Central Bank of Cyprus

Cyprus is a highly popular spot for online brokerages from all over the world to set up their businesses. It’s also home to one of the most important broker regulators, CySEC. However, all those institutions need to work within the legislative and financial framework set by the country. And one of the most important institutions inside that framework is none other than the Central Bank of Cyprus.

In modern times, most central banks share a lot of functionality with each other. The Central Bank of Cyprus is no different, and acts as the Republic of Cyprus’ primary bank. It’s located in Nicosia and has been operating since 1963 in its current iteration. That makes it quite a bit older than other similar institutions, which usually take over roles from other entities. Prior to Cyprus adopting the euro, the Central Bank had the role of minting Cypriot currency and coins.


The history of regulatory institutions is interesting, as it shows us a glimpse into the past of the country itself. However, it also has a large effect on the current form and obligation of financial institutions. You can oftentimes see traces of modern entities in institutions that go hundreds of years back.

For the Central Bank of Cyprus, its history began in 1927 with the Cyprus Currency Board, which followed Cyprus’ annexation. Before that, the country was a part of Turkey and only became leased to the British by the Treaty of Lausanne. Be that as it may, it paved the way for Cyprus to create its own government and financial institutions.

The Currency Board was headed by a chairman, and was in charge of issuing currency for Cyprus. At the time, there were the Cypriot pound, shillings and piastres, and that later switched to pounds and mils. However, the Currency Board was still highly dependent on the Bank of England, since Cypriot pounds were linked to the pound sterling.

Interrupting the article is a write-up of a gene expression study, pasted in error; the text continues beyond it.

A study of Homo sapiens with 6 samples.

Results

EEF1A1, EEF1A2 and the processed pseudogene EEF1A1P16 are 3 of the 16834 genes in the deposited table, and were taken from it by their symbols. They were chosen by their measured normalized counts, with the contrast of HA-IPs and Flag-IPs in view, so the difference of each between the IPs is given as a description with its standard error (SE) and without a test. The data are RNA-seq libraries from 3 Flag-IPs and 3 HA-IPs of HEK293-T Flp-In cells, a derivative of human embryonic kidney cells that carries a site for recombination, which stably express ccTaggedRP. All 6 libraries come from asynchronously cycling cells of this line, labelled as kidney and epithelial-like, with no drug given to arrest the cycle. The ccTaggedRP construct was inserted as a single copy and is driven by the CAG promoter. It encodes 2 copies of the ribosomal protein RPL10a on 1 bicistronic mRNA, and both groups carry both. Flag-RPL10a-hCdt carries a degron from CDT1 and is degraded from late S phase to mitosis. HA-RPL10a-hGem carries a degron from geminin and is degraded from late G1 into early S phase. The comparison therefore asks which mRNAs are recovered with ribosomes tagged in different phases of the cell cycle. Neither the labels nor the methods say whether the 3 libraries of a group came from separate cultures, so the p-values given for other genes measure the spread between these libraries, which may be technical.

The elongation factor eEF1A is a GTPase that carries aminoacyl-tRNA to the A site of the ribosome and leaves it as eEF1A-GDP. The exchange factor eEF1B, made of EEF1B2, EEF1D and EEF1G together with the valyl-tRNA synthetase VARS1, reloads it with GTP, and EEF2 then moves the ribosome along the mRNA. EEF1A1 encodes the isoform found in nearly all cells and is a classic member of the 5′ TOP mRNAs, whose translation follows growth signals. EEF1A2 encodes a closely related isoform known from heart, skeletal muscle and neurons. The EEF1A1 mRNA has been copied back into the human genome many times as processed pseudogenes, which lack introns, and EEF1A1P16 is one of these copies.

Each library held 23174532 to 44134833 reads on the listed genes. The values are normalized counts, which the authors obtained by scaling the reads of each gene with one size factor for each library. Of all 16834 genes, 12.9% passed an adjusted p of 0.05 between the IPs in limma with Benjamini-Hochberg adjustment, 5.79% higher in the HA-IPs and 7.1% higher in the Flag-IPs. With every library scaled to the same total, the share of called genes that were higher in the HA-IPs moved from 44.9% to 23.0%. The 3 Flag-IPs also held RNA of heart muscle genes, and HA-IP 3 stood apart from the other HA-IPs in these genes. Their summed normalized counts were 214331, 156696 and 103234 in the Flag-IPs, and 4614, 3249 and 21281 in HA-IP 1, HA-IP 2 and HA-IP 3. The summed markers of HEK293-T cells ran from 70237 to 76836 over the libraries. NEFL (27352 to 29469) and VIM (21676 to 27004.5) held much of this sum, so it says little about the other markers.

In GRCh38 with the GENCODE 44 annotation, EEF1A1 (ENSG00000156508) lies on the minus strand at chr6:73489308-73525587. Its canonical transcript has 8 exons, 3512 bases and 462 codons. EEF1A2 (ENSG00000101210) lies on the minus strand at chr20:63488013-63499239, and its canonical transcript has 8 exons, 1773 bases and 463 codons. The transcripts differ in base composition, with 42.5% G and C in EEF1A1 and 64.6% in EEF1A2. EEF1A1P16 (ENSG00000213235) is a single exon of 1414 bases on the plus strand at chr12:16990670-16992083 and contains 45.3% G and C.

Only once Cyprus gained independence from Britain in 1960 have things begun to change. The president and VP of Cyprus opted to found a new institution that would act as the country’s central bank. That led to the foundation of the Central Bank of Cyprus three years later, in 1963. The reason it took that long is that the bank was called an issuing bank in the constitution rather than a central bank.

Since then, not much has changed with the Central Bank of Cyprus. The country joined the European Union in 2004, with plans to join the Eurozone. The conversion was realized in 2008, and the official currency became the euro, making the Bank’s currency issuing function obsolete.

Goals and Functions

So with that out of the way, let’s look at how the Central Bank of Cyprus looks at the current time. For starters, the head of the Bank is no longer called the chairman but the Governor of the Central Bank of Cyprus. The president of the Republic of Cyprus is the one that appoints people to that position, and they serve five-year terms, although the period is renewable.

The Central Bank of Cyprus has two vital entities, the Board of Directors and the Governing Council. However, even with the two bodies present, the brunt of the power remains in the Governor’s hands. As such, they were responsible for the policy of the Bank and how it relates to Cyprus’ overall economy. However, the role switched to the President of the European Central Bank as Cyprus joined the Eurozone in 2008. However, the Governor of the Central Bank of Cyprus still enjoys an important role, sitting in the Governing Board of the European Central Bank.